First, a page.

Article Details
  • Written By: Osmand Vitez
  • Edited By: Kristen Osborne
  • Last Modified Date: 19 January 2020
  • Copyright Protected:
    2003-2020
    Conjecture Corporation

Business owners, directors and executive-level managers often delegate duties or responsibilities to lower-level managers. The delegation process allows operational managers an opportunity to showcase their skills through managing a portion of the business's operational and financial information. Activity accounting can also be used as a measurement technique relating to managerial performance. Organizations may use individual of general ledgers, financial statements and other reports to gauge the financial performance of various business operations.

Activity accounting procedures or methods may not be universal among all business operations. For example, the sales department of an organization can include financial information relating to sales, discounts, returns and cost of goods sold. The sales department might have very few expenses compared to other business operations. These expenses can be related to office supplies and other basic items. Sales managers will only be responsible for the financial information under their direct control.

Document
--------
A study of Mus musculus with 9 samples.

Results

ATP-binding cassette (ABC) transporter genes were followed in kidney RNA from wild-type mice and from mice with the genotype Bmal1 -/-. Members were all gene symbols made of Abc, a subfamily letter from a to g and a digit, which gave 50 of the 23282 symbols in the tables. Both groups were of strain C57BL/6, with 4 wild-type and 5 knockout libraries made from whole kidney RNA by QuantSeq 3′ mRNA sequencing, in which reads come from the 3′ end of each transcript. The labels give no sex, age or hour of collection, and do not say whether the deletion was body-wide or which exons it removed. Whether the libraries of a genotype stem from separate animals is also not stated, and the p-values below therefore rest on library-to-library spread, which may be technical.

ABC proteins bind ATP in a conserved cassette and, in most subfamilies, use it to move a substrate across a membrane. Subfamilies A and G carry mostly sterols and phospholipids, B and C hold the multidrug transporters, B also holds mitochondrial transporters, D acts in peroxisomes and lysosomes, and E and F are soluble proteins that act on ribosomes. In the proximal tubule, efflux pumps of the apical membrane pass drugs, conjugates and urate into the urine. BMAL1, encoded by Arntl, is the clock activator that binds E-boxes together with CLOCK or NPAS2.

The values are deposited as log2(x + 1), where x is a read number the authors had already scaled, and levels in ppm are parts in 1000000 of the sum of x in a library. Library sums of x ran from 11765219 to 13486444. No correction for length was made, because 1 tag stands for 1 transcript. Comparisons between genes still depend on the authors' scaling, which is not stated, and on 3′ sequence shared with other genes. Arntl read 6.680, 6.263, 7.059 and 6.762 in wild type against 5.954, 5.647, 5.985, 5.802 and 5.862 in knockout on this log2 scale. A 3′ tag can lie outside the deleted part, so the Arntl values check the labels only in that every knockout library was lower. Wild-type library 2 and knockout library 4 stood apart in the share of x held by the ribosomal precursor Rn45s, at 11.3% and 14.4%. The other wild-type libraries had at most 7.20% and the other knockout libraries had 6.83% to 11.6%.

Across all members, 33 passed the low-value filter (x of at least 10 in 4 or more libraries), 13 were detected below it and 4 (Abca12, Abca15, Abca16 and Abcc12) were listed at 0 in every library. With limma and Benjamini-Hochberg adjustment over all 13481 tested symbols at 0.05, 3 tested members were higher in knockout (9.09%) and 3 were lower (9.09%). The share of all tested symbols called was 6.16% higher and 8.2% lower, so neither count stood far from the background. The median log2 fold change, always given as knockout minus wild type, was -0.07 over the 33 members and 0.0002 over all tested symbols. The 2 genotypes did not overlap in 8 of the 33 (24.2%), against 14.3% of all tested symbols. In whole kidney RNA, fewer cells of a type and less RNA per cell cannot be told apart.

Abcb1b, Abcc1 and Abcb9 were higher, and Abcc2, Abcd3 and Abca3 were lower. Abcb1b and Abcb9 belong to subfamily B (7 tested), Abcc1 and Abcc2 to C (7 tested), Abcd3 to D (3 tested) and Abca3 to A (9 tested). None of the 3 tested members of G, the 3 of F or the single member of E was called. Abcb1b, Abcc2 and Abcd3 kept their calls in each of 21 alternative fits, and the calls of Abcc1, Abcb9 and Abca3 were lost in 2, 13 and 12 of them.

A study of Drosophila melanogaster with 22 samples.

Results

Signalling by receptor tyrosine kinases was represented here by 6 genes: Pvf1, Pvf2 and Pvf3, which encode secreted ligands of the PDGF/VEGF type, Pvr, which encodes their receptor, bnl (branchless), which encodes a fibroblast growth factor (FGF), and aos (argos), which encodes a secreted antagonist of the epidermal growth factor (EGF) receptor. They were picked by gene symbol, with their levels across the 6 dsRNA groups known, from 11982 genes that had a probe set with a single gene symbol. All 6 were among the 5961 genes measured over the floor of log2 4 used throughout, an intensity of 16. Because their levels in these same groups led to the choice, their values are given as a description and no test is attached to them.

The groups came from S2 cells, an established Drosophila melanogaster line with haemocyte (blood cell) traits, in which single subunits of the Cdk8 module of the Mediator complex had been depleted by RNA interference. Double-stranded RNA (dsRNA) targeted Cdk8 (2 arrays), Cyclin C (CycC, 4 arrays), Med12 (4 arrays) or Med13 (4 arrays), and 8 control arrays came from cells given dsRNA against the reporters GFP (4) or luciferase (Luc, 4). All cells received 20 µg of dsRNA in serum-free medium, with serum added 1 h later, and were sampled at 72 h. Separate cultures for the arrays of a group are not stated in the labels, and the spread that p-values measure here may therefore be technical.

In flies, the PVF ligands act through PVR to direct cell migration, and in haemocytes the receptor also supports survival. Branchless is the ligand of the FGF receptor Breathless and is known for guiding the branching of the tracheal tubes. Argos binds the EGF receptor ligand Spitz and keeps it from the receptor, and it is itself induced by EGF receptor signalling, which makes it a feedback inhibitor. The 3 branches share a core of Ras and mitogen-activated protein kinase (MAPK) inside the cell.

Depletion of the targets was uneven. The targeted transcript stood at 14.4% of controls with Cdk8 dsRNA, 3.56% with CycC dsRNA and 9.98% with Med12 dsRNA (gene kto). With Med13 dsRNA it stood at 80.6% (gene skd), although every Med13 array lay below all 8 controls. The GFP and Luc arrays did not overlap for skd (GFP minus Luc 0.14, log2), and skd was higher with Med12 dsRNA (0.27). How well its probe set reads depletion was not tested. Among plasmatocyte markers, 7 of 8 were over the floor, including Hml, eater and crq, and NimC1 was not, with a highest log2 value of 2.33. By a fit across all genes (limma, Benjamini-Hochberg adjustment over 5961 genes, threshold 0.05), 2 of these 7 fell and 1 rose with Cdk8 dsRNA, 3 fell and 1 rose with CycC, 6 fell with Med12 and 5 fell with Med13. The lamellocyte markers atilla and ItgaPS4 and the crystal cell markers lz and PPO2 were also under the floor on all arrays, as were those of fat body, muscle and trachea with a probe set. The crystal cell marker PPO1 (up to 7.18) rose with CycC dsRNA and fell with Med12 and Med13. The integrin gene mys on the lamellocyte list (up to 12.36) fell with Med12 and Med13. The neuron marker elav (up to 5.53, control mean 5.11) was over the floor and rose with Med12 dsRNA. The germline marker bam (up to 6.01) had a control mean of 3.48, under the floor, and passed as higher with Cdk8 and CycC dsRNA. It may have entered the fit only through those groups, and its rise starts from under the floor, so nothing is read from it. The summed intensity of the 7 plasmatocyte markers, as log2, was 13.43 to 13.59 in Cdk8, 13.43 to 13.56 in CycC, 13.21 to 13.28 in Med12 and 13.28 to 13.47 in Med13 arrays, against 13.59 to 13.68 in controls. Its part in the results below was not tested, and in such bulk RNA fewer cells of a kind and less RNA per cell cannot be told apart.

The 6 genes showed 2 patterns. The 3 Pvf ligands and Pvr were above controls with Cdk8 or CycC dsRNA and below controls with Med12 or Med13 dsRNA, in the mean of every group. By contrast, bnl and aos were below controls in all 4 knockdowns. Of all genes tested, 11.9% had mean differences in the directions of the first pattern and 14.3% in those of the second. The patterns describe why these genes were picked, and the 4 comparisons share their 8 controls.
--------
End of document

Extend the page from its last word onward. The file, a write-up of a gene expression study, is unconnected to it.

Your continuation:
Other companies use activity accounting to capture financial information unique to their operation. This accounting method allows companies to create internal accounting procedures to accurately track and report information for business decisions. Internal activity or management accounting procedures do not usually conform to regular financial accounting standards. This flexibility ensures companies can measure their managerial or operational performance using financial indicators. Indicators can include return on investment, net present value, gross profit margin or other similar formulas.

Activity accounting can create difficulties for companies when training managers or other employees. Individuals do not usually have previous experience in the company's specialized accounting procedures. Hiring new accounting employees will also require companies to spend more time training and educating managers or accountants on these specific financial procedures.